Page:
Every Wednesday, I'm going to take you on a whirlwind adventure of 13 links chronicling the news throughout the geek world I inhabit. Movies, music, art, politics, gadgets, science, sports, grammar, and superheroes - nothing's out of bounds and everything's interesting.
Let it begin…
- Giant rubberbands and aluminum pegs as furniture? If I was forced to bet on this ever happening, I would have lost.
- It seems like some massive scientific breakthrough takes place every week and yet I never hear about any of them, outside of the nerd circles I run in on the Internet. This week, it's spinal injuries being negated by blue food dye. You couldn't make these things up.
- Admittedly, I have no idea what the actual plot of this “Star Sports” parody film would actually be (I wonder if the creators even bothered working it out; the description under the video seems more like Mad Libs than extensive story structuring) but it is a very smart and aesthetically accurate translation of many Star Wars visuals and for that, I cannot say anything negative about it. It did win an award, after all.
- Even with the development of long-range weapons and extremely sophisticated technology, the Navy has always been handicapped in the area of “getting a submarine across a great distance in a very short period of time.” No longer. Prepare to travel at four times the current maximum speed, sailors.
- These cassette tape lamps by ooomydesign are ingenious, interesting to look at, and smart repurposing of obsolete technology. Of course, they are also extraordinarily overpriced, I feel – everyone should make their own and flood the market to drive prices down; 36 cassette tapes, a few dozen plastic ties, and a little bit of elbow grease don't seem worth $80.
- While their heart is unquestionably in the right place (i.e., attempting to create awareness to increase security), I have trouble believing that the International Commission on Nuclear Non-proliferation and Disarmament would be entirely realistic and objective when it comes to discussing the threat of computer hackers taking control of nuclear weapons.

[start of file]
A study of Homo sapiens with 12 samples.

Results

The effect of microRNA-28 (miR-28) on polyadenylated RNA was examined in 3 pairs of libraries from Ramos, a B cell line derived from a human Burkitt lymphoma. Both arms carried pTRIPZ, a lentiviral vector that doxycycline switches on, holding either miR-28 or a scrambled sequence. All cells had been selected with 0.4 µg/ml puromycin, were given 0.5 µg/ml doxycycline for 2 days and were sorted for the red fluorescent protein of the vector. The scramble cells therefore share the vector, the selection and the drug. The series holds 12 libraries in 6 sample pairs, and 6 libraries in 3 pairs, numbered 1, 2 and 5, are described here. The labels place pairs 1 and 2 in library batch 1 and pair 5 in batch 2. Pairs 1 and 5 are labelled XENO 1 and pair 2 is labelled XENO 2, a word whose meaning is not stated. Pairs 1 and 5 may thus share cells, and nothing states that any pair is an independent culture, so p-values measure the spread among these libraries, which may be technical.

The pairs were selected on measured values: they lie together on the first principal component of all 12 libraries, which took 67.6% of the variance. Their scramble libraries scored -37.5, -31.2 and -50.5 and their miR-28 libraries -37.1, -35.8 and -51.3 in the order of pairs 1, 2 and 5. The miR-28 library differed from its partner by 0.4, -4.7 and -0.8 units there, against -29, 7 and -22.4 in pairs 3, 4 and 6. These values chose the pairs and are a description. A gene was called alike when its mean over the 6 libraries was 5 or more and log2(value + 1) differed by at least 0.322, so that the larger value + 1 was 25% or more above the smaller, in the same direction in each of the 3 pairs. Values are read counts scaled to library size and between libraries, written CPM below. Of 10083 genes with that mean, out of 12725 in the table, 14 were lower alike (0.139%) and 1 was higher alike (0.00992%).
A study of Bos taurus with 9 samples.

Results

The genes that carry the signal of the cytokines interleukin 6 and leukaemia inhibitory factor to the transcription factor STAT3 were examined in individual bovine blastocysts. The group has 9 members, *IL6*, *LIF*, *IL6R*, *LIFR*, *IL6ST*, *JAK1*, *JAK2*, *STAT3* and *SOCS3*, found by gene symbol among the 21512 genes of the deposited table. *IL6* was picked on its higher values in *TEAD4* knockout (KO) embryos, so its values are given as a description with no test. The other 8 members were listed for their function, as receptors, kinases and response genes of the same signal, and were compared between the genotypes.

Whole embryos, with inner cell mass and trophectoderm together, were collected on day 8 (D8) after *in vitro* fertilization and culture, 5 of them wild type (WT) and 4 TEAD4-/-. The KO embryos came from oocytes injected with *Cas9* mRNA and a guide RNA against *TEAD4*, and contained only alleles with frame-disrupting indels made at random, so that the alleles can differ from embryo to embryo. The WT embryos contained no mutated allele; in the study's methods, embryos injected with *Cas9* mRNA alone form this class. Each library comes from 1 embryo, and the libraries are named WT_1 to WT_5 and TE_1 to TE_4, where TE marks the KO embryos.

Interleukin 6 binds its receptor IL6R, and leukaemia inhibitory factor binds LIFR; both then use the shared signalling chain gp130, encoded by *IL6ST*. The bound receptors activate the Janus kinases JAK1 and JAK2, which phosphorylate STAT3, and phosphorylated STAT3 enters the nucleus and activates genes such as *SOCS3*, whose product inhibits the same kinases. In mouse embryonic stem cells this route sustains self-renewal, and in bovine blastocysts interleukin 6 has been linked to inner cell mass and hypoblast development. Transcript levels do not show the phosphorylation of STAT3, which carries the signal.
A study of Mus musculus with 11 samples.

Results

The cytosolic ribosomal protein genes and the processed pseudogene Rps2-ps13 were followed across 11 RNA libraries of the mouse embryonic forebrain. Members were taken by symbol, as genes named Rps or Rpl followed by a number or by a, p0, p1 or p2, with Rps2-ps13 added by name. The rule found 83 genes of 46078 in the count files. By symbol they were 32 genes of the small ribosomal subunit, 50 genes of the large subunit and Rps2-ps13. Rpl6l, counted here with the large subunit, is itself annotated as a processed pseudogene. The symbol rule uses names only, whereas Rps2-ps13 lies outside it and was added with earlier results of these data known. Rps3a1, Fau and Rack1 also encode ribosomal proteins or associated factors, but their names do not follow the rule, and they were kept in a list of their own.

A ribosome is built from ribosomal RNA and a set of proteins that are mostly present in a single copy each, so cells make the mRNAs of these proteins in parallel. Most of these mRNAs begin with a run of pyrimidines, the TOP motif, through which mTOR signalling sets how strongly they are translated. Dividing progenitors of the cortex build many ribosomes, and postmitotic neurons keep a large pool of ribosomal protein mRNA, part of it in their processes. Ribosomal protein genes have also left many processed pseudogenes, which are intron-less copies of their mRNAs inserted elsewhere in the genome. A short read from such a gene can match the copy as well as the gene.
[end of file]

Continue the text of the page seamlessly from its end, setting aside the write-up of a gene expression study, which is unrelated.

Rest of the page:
- Who Wants to Be a Millionaire? and Regis Philbin return to primetime television on August 9 and to prepare, mental_floss has arranged twelve of the million-dollar questions asked on the show into a quiz with which you can test your game show mettle. I got six right. I should have cheated.
- I would like to believe the good people at Joule Biotechnologies (actually, I have no idea if they are good people — I've never heard of this company) when they claim that they have a revolutionary system for producing astronomical amounts of biofuel with astonishing efficiency but the story is just too good to be true, at this point. Thus, I will remain a healthy skeptic until more details surface.
- If you like simple artwork that manages to be extremely beautiful, unique, and interesting, you will like Federico Yankelevich.
- I always knew there was a reason I felt the need to watch so much familiar television late at night. It just took a Scientific American report for it to make sense outside of my head.
- io9 naturally made sure to run down all the news, rumors, surprise appearances, and best fan costumes coming out of the 2009 San Diego Comic-Con but the best part of their coverage is easily a summary of the lamest advertising ideas visible at the convention. Just a reminder that it's not all chic comic book fans, good-looking people, and genre films.
- On the heels of Apple rejecting the Google Voice iPhone application, Lifehacker has decided it's a prudent time to make a list of all the reasons that Apple's revolutionary mobile device is not flawless and why this most recent decision by the Jobs empire is especially telling.
- I have never even come close to winning any of those “guess how many [tiny objects] are in this [larger object]” contests but now that I have an Australian physics professor and the world of science on my side… no M&Ms will be safe.